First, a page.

UPDATE: Google has a cached copy of the (since removed) response by Executive Recycling to the 60 Minutes piece below and the GAO report mentioned in the 60 Minutes piece. Here’s the Google cached page (for as long as it stays cached, anyway), and page 25 (pdf page 29) of this GAO report has the exact reference used in 60 Minutes. It’s possible that the 60 Minutes story got some of their facts wrong – the GAO report doesn’t mention Executive Recycling by name, so another source to make that connection would be required – and so the EPA should investigate this and, if appropriate, bring all 43 companies that the GAO “stung” up on charges. This GAO report says the EPA is investigating.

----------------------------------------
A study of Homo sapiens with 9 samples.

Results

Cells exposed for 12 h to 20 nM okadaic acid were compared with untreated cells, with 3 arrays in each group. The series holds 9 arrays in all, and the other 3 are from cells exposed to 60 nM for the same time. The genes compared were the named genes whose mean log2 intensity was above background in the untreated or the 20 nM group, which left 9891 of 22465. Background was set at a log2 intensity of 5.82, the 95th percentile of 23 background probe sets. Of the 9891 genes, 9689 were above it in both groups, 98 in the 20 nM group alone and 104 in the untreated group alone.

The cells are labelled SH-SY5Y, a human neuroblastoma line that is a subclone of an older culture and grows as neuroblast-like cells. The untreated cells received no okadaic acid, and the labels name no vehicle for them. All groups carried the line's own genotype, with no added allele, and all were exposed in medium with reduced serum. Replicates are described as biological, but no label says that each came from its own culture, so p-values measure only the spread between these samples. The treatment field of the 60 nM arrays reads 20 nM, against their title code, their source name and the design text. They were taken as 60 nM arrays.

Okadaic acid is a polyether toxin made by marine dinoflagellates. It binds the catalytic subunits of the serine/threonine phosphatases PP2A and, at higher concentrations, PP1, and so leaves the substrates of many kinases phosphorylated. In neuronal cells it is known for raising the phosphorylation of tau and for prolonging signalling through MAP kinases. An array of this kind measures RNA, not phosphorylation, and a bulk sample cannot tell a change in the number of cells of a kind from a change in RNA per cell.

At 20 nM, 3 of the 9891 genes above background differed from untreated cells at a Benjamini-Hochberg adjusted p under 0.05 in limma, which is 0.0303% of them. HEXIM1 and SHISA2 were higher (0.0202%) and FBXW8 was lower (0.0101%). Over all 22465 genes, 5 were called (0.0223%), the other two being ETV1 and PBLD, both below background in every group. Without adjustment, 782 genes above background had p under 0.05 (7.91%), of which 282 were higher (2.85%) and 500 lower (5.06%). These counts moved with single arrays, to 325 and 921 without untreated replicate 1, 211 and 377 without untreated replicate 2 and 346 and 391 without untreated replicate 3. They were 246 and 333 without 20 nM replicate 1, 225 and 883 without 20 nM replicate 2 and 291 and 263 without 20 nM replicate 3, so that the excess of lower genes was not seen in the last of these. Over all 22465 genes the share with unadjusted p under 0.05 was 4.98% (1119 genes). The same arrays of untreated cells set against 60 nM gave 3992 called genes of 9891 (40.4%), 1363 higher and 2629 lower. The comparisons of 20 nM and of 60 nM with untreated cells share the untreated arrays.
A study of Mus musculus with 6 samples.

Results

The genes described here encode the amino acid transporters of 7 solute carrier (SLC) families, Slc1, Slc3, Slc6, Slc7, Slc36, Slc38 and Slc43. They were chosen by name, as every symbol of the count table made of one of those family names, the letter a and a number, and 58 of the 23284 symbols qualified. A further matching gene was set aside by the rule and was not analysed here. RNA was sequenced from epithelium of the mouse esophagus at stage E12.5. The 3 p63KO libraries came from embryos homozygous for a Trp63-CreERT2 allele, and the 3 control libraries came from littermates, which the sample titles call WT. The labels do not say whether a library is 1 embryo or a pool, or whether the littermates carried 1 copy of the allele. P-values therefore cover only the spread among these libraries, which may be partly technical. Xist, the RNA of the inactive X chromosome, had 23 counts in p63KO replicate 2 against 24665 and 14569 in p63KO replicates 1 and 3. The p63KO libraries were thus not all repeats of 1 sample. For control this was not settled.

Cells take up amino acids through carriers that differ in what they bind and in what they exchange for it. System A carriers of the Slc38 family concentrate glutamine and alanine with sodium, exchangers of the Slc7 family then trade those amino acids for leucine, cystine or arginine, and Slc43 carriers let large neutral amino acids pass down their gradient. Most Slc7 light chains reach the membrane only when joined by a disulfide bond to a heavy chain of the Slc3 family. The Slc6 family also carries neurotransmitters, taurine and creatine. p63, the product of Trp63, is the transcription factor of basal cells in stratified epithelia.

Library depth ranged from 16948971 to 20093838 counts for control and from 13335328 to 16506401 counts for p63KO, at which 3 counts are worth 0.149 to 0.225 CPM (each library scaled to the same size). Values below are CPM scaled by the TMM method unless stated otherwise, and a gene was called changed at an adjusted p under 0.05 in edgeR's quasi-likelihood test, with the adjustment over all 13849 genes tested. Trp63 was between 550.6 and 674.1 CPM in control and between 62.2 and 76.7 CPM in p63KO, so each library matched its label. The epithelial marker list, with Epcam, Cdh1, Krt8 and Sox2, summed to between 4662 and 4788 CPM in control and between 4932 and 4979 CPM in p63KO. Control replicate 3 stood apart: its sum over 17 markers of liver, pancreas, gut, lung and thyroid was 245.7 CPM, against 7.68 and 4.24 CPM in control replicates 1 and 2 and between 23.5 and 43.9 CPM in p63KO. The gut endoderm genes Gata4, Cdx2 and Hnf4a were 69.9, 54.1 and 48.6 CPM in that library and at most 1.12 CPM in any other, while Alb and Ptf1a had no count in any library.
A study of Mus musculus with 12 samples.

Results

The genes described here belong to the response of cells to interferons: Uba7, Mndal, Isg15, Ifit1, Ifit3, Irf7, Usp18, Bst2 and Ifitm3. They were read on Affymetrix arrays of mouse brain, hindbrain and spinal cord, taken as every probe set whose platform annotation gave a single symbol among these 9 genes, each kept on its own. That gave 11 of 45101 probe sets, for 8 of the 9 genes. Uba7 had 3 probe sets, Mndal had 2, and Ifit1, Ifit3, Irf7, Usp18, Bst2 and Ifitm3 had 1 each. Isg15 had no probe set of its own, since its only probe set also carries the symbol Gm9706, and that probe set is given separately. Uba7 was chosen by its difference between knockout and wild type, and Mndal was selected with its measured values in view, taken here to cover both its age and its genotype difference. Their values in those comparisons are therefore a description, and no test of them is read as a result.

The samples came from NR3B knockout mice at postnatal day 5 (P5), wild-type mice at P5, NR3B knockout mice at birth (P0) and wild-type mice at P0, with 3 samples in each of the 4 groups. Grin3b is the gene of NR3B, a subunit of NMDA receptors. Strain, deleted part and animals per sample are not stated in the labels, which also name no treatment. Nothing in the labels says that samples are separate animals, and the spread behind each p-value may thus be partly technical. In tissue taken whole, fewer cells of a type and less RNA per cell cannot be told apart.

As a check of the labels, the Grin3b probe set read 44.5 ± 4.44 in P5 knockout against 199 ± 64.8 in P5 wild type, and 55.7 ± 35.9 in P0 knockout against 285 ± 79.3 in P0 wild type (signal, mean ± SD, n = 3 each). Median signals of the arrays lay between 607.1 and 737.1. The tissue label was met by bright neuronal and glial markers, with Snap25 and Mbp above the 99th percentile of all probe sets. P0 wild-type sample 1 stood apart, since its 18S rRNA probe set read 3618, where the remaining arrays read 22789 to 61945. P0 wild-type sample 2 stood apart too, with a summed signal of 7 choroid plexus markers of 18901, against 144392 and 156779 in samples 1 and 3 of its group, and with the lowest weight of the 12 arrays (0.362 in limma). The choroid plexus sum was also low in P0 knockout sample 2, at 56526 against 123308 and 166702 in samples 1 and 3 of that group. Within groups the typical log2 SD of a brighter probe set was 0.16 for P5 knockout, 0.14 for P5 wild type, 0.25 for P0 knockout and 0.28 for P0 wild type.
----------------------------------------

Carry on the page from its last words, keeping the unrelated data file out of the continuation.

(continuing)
It’s illegal to dump electronic waste on developing nations. But it still happens. And sometimes it turns out to be a hometown company that’s “recycling” lead-filled TV tubes and printed circuit boards in China, probably against the law. 60 Minutes ran this story on Executive Recycling (ER), of Englewood, Colorado, and the company that my hometown uses for e-waste recycling twice a year.
Interestingly enough, ER had a response to the 60 Minutes piece for a while, but it’s vanished from off the ER website. If anyone has an archived copy of the page, or could point me to where I can find one, I’d love to post it or link to it. Use “Contact Us” above.
A year ago, I recycled an old, busted television. I hope it was recycled properly, not shipped overseas to a town where a gang is willing to kill kids with lead poisoning for a few yuan.
I hope the feds charge Executive Recycling with export violations and, if ER’s guilty, the company gets shut down and the executives responsible for this get locked up for a long time.
I’d prefer that they be forced to endure the conditions that the “recyclers” do in China, but that would probably qualify as “cruel and unusual punishment”.